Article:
In August 2021, New Deal for Youth (ND4Y) Changemakers participated in a panel titled “Beyond the Climate Crisis: The Journey to Environmental Justice” for the Appalachian Trail Conservancy’s Emerging Leaders’ Summit. During the conversation, Changemakers Aniya Butler, Kaliko Kalahiki, and Marissa Howdershelt highlighted radical and holistic solutions that value our humanity and collective well-being over corporate greed.
More members of Congress must raise homeownership disparities and community reinvestment as a priority in the Build Back Better agenda, displaying their support for programs that acknowledge and strive to dismantle racist housing and land use policies or eliminate their lasting, discriminatory effects.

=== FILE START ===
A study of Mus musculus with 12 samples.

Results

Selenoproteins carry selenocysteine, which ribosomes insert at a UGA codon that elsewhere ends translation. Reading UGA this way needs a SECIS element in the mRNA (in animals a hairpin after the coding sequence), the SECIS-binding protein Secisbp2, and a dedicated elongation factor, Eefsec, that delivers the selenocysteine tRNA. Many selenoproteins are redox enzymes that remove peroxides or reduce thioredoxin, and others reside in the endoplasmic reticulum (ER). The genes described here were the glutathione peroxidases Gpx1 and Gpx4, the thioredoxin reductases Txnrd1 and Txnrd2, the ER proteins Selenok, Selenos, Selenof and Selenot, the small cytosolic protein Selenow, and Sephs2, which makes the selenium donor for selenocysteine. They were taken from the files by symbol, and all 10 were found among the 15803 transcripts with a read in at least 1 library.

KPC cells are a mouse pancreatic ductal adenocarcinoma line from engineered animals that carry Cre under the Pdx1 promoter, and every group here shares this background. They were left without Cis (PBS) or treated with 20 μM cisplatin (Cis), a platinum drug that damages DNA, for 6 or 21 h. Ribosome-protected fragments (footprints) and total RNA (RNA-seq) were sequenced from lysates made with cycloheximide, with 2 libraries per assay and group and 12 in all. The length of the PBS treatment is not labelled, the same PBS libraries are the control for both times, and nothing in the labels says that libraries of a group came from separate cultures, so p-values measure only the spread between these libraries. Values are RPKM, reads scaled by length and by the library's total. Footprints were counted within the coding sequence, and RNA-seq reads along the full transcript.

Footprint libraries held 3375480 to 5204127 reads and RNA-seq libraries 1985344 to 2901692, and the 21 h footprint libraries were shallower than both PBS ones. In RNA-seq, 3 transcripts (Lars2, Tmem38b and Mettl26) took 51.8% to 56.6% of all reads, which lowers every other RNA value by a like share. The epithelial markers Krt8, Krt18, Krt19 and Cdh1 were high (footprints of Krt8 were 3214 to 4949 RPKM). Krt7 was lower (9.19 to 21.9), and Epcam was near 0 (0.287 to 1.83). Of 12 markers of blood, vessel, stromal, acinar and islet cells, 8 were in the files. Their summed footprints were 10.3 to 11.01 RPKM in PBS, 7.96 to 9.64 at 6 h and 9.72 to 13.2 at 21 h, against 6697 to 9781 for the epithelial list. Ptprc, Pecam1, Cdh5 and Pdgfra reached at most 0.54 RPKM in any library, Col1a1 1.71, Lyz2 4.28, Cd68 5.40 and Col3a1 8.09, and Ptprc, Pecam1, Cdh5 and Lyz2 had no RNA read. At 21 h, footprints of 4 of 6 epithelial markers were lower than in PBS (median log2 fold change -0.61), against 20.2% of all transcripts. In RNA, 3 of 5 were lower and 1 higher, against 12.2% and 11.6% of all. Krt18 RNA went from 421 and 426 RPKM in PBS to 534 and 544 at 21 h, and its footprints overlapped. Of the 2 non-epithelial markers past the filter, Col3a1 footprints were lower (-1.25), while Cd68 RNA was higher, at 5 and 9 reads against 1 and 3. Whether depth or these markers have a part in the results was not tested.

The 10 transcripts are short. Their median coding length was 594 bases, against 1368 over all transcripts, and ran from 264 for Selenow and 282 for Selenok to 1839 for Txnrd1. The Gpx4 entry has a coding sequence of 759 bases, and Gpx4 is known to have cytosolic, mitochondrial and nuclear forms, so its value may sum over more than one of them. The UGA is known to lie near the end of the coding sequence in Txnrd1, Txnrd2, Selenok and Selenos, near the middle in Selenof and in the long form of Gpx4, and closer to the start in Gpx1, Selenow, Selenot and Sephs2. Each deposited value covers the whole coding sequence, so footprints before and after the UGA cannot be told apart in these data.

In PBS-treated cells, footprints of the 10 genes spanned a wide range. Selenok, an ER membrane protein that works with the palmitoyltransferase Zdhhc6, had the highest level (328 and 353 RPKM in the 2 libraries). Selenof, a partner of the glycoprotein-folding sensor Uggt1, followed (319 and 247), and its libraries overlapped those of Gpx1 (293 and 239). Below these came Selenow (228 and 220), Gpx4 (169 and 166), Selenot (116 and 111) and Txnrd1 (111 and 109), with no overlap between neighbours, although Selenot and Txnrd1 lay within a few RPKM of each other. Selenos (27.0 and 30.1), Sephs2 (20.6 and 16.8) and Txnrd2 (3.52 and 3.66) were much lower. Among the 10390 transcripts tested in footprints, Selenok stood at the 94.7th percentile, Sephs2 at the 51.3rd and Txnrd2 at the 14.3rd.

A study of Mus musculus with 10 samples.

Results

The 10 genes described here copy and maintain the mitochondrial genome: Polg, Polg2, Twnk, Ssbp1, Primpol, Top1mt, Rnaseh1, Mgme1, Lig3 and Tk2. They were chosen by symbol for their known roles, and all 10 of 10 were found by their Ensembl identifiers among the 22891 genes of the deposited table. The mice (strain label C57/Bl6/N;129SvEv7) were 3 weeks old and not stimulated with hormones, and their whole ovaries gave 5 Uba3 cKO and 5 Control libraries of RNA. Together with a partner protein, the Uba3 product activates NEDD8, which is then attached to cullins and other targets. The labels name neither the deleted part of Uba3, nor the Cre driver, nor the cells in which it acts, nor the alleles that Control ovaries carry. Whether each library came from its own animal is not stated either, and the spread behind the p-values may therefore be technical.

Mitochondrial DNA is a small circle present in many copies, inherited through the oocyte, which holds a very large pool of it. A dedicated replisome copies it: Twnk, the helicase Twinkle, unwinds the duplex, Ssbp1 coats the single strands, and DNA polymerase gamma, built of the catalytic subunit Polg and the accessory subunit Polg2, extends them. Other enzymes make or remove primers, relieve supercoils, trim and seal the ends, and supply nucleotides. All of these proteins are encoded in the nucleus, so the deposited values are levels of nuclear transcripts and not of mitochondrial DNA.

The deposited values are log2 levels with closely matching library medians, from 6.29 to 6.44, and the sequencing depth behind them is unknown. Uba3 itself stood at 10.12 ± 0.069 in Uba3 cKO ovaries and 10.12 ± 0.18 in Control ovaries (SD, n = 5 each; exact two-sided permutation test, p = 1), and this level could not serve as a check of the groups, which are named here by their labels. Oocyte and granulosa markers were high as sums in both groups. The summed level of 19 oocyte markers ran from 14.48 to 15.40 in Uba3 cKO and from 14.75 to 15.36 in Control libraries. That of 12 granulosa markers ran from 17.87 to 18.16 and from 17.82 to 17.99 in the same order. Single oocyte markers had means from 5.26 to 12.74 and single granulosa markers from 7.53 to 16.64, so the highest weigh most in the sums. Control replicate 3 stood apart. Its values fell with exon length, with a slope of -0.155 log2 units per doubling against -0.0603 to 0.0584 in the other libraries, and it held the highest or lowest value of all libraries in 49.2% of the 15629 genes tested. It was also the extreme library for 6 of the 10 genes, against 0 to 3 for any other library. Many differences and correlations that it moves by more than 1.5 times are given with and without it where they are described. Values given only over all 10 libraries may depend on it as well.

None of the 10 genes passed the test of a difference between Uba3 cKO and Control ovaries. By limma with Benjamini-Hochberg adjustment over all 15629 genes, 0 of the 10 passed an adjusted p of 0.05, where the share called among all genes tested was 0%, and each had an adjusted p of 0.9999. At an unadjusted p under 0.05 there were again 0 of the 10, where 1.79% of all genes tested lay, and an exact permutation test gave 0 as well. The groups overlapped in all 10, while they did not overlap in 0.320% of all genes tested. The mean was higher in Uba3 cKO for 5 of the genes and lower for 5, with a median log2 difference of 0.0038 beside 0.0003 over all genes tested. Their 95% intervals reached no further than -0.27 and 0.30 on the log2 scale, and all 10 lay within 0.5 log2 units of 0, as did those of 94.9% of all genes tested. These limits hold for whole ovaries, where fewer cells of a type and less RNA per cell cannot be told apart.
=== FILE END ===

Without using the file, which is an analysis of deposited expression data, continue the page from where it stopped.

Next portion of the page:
While rates of adult mental illness were on the rise even before the pandemic, the grief, isolation, and anxiety brought about by COVID-19 have contributed to increased rates of more severe mental health symptoms, particularly among youth, LGBTQ+ individuals, and Black and Native American populations.
As we look to create a system that successfully supports people to return to their communities, we should draw inspiration from the healing-centered ideals advanced nearly a century ago. Community supervision should be an opportunity to support those targeted by our racist criminal legal system in achieving economic opportunity.
Affordable housing is a multidimensional issue affecting individuals across socioeconomic backgrounds. Yet, Black, Indigenous, and people of color (BIPOC) are disproportionately impacted at higher rates.
To help tenants stay in their homes, local and federal policymakers must advance effective solutions like right-to-counsel programs, which ERAP funds can support. Such programs help tenants secure representation to fight evictions, a step toward equity that many local governments have shown can reduce housing instability and save money for communities.